SPRING 1999, p. 2


CARROLL COUNTY CELEBRATES 100 YEARS OF RURAL FREE DELIVERY
LOUIS E. SHRIVER'S MEMORIES OF THE POST OFFICE

My father, Andrew K. Shriver, was postmaster at Union Mills during the Civil War, and at intervals , for a number of years after-wards, his death, in 1884. I succeeded him and remained in office for a long time.

Those were the days of the old Star Route System. A liveryman, named John Spalding of Littlestown, was the contractor on our route and he made a round trip daily from Gettysburg to Westminster and return. The mail coach consisted of a rickety vehicle of some kind, with a steed to match. Horses were changed at Littlestown which was the relay station.

The post office at different times was located in our dining room (southwest corner of house) in the front hall and in what we called the office, the room east of the hall. There were no restrictions in those days and when the old leather mail pouch was unlocked and its contents dumped on the floor there was a general scramble by all those present for any letters or other mail that might be addressed to them.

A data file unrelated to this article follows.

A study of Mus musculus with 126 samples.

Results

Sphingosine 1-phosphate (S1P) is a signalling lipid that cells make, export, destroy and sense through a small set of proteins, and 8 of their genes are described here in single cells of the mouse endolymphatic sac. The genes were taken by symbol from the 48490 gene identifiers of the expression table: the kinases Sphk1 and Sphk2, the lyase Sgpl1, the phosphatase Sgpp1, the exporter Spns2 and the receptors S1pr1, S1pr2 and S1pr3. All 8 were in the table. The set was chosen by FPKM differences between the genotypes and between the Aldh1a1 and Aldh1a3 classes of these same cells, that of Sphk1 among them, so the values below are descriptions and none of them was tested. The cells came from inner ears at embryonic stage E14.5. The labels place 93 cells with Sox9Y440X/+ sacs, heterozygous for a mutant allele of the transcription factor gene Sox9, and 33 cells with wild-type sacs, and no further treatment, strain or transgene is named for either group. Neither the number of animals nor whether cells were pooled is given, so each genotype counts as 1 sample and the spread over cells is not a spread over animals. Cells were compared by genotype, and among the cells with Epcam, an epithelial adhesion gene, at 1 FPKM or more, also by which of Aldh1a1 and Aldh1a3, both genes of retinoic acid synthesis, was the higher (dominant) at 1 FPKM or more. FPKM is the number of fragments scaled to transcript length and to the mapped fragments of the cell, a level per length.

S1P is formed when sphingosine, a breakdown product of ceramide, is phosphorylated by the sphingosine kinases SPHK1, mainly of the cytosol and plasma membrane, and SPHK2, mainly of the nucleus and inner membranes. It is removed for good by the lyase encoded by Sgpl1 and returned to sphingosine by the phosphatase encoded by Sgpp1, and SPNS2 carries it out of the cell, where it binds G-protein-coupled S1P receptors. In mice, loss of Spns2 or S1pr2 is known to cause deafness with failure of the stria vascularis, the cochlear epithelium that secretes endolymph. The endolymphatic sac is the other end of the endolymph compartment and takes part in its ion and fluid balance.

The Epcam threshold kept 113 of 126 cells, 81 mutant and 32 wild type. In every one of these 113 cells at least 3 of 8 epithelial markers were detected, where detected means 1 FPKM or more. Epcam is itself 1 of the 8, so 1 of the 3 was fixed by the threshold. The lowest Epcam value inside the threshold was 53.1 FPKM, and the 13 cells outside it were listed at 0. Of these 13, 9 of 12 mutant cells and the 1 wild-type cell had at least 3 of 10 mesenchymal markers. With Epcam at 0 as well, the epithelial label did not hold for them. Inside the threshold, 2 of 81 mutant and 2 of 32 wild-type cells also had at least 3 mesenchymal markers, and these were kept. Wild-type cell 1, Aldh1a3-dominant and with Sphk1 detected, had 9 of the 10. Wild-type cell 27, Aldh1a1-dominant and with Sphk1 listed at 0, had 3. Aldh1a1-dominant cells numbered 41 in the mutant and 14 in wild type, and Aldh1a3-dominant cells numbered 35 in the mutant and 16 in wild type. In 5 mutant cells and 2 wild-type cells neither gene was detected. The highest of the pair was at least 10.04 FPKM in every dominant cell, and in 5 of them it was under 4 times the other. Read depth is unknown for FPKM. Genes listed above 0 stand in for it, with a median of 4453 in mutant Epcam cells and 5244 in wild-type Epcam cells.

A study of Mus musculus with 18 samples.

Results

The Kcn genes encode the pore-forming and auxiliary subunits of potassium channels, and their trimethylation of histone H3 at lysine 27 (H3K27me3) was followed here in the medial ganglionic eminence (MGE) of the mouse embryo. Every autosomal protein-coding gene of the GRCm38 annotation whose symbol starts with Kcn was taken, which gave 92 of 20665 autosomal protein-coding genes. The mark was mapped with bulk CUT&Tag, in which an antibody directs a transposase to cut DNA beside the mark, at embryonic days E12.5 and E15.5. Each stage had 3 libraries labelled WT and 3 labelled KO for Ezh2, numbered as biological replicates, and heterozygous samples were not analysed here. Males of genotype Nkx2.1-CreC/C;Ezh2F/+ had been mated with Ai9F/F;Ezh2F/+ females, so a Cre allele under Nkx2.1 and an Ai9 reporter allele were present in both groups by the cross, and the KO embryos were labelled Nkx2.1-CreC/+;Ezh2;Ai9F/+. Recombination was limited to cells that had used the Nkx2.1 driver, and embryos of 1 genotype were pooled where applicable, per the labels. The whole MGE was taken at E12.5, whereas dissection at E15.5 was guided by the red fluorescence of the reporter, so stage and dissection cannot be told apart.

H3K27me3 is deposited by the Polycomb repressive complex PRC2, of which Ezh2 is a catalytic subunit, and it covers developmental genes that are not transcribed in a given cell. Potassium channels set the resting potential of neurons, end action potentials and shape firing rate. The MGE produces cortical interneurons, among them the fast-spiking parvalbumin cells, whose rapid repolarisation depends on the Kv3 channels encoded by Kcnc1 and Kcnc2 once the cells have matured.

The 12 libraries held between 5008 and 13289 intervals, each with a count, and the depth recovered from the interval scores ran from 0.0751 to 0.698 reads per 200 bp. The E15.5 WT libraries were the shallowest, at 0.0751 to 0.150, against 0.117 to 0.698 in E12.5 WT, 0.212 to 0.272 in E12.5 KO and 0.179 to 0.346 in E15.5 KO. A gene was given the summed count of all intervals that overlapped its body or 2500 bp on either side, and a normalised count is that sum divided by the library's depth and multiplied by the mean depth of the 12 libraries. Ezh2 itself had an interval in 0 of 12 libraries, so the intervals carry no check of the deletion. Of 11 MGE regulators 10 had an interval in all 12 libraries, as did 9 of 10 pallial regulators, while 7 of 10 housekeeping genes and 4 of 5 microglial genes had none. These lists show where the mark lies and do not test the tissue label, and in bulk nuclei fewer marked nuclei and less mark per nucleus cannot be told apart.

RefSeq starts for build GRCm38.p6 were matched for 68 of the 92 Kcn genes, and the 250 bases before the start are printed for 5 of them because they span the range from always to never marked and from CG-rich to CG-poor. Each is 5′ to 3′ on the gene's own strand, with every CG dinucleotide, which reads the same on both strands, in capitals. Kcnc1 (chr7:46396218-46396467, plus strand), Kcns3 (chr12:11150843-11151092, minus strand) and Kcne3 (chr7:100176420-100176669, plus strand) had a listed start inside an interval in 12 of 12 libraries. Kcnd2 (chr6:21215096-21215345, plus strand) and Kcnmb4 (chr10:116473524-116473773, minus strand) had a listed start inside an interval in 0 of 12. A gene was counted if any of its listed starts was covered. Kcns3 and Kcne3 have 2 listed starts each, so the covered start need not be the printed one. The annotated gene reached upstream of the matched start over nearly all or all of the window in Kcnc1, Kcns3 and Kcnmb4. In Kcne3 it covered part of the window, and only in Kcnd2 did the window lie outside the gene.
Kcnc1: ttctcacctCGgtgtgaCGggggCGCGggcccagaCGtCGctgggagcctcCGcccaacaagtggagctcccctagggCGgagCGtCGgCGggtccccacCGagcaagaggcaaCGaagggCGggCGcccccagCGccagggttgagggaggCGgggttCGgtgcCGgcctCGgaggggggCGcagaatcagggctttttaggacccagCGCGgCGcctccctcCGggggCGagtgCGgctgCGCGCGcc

There was a lot of red tape connected with the dispatch of a registered letter. Part of it required that the letter be placed in a heavy cardboard envelope, sealed and stamped, to which a blank receipt was attached. That receipt was signed by the Postmaster at the next office and mailed back to the Postmaster who registered the letter, and that system of receipting, step by step, was continued through all the offices handling the letter until it reached its destination.

The post office on our route, between Westminster and Gettysburg, in order named, were as follows: Stonersville, Maryland; Biggs, Maryland (now Mount Pleasant); Union Mills, Maryland; Silver Run, Maryland; Littlestown, Pennsylvania; and Two Taverns, Pennsylvania.

Rural Free Delivery put the old Star route post office system out of commission in Carroll County in 1899. We were on R.F.D. Route A. Route A (and three others in the County) were served by two horse wagons, especially built for the purpose and was manned by a driver and a postal clerk. They were, in effect, post offices on wheels, as they handled registered letters and money orders as well as, all other mail matters.
 
Line drawing of the Homestead by Richard Weidman.